I’m a divorced woman and a divorce lawyer who still believes in love, romance, and lifelong relationships.
I also think every person who chooses to legally marry needs a prenuptial agreement. Why?
Here are three of many reasons.
1. Understanding each others’ intrinsic values is critical. If you don’t see eye-to-eye on the important issues, you can choose not to get legally married.
To draft a prenuptial agreement, a couple must ask and answer difficult questions. Most of the questions revolve around finances, but the answers reveal more than a person’s views about money.
Below are four telling real-life answers given to the following questions that spouses’ asked and answered during their conversations about prenuptial agreements.
Will you or I pay spousal support if we legally separate or get divorced?
Yes. If our marriage ends, I’ll give you $1 million for each year of our marriage.
No. I’m not going to support you if we separate or divorce.
If you earn more than I do, I would like you to pay monthly spousal support equal to one-half of your net income for a period equal to one-half of the length of our marriage, and vice-versa.
If I leave my career to become a stay at home mom, and we separate or get divorced, I would like you to pay spousal support until our youngest child graduates from high school, and I return to work earning $10,000 gross monthly or more. If I don’t leave my career for kids, I’m healthy, and earn an income similar to yours, I won’t need your support. But, if our income differs significantly, whoever earns more should pay the other one-half of the difference for one-half of the length of the marriage.
2. A marriage with wedding licenses and certificates issued by the government is more than a romantic gesture. It’s a legally binding contract governed by state laws.
A legal marriage is a civil contract that carries with it, duties and obligations that you don’t ordinarily owe to others unless you’re a parent or business partner. If you marry without signing a prenuptial agreement and subsequently separate or divorce, the fate of your family, finances, and future is in the hands of the government –unless you and your spouse can agree otherwise.
Being legally married doesn’t force a person to remain married, but it can compel a person to support or be financially liable for the acts of alcoholics, gamblers, abusers, impulsive and irresponsible spouses, or the like. An aging spouse with a fixed income who chooses to dissolve a marriage can be ordered to support an infirm spouse indefinitely. A spouse who diligently managed his/her money and promptly paid taxes can be subject to tax liens and collection agencies as a result of the other spouse’s negligence or malfeasance. And the list of risks and potential liability goes on and on.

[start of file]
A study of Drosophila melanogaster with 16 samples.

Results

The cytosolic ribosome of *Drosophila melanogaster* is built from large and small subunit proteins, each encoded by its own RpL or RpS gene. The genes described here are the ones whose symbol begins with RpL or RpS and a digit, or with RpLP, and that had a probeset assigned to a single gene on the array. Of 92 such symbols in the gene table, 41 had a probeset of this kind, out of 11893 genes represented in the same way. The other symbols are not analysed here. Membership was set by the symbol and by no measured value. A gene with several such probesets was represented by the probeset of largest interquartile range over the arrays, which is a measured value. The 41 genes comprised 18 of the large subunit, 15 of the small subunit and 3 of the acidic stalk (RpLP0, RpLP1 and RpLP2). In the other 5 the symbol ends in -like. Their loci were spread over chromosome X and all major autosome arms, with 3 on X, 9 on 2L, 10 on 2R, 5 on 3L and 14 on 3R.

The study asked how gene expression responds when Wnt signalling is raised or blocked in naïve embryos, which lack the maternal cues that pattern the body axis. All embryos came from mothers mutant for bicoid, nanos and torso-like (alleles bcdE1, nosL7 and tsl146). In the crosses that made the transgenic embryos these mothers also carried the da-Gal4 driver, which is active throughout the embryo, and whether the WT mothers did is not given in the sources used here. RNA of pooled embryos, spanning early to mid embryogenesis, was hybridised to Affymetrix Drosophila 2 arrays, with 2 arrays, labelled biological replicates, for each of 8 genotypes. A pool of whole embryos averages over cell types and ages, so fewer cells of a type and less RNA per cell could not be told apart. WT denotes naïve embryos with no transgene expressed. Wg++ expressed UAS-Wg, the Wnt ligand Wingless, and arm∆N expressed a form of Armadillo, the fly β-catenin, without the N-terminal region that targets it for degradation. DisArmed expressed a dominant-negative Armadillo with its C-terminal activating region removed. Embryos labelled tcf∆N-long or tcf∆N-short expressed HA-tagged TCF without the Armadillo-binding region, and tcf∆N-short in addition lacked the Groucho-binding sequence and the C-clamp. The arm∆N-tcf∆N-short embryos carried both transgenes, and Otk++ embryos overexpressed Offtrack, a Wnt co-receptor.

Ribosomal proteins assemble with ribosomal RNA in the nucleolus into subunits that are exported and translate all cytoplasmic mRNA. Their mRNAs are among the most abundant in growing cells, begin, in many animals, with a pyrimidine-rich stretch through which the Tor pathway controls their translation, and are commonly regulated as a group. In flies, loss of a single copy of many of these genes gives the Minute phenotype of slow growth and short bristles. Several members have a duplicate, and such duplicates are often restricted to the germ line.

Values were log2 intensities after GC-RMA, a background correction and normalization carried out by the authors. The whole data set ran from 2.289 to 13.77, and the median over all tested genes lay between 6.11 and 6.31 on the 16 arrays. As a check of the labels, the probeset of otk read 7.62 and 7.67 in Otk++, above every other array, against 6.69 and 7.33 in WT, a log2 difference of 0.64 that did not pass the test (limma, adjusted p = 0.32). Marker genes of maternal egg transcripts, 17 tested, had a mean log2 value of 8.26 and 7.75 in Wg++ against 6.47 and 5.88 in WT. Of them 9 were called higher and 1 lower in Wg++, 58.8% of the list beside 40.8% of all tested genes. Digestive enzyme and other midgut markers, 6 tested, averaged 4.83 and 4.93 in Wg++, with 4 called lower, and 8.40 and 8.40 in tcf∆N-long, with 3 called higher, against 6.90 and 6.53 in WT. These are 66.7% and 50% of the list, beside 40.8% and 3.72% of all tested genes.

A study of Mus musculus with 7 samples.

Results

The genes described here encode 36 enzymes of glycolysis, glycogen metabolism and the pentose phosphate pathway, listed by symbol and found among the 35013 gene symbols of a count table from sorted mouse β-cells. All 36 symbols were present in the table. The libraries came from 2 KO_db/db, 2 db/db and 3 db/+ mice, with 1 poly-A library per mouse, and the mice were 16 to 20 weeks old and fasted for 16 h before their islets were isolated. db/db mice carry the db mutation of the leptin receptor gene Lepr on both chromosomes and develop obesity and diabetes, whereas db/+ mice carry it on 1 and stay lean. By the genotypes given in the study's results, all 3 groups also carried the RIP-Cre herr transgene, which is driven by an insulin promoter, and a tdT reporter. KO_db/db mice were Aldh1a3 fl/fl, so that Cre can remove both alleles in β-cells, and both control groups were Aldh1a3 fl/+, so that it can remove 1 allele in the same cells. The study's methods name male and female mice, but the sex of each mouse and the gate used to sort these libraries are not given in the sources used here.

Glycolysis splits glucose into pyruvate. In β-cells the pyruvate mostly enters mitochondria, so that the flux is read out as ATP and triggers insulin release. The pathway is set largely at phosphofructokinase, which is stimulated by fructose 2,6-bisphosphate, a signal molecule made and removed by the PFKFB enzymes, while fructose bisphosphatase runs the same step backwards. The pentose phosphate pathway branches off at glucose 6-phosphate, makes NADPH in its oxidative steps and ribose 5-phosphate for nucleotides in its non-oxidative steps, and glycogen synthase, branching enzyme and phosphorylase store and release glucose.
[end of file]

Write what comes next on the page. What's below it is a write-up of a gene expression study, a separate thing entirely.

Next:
3. Too many men and women are emotionally and financially decimated when they separate or divorce.
Over the last 22 years as a divorce attorney, I’ve seen the heartbreak and devastation intelligent men and women face because they got married without first signing a prenuptial agreement. Most, had no intention of getting divorced, loved and trusted their spouses implicitly, and did their best to preserve and prosper in their marriages. I’d love to spare you financial harm in the event you separate or divorce.
If you’re thinking about marriage, I encourage you to:
- Understand the laws that will govern your marriage and in the event, separation or divorce
- Sign a mutually agreeable and desirable prenuptial agreement
- Be lovingly protective of your well being before and during marriage
- Choose not to marry someone who has disparate values and beliefs
If you’re already married and didn’t sign a prenuptial agreement, all may not be lost. You can still make legally enforceable agreements with your honey, and in California, make them legally binding in a post-nuptial agreement.
If you and your spouse aren’t on the same page and/or your spouse won’t sign a post-nuptial agreement, take heed. Speak with an attorney asap to learn ways to preserve and protect your finances, family, and future within the marriage or through legal separation or divorce.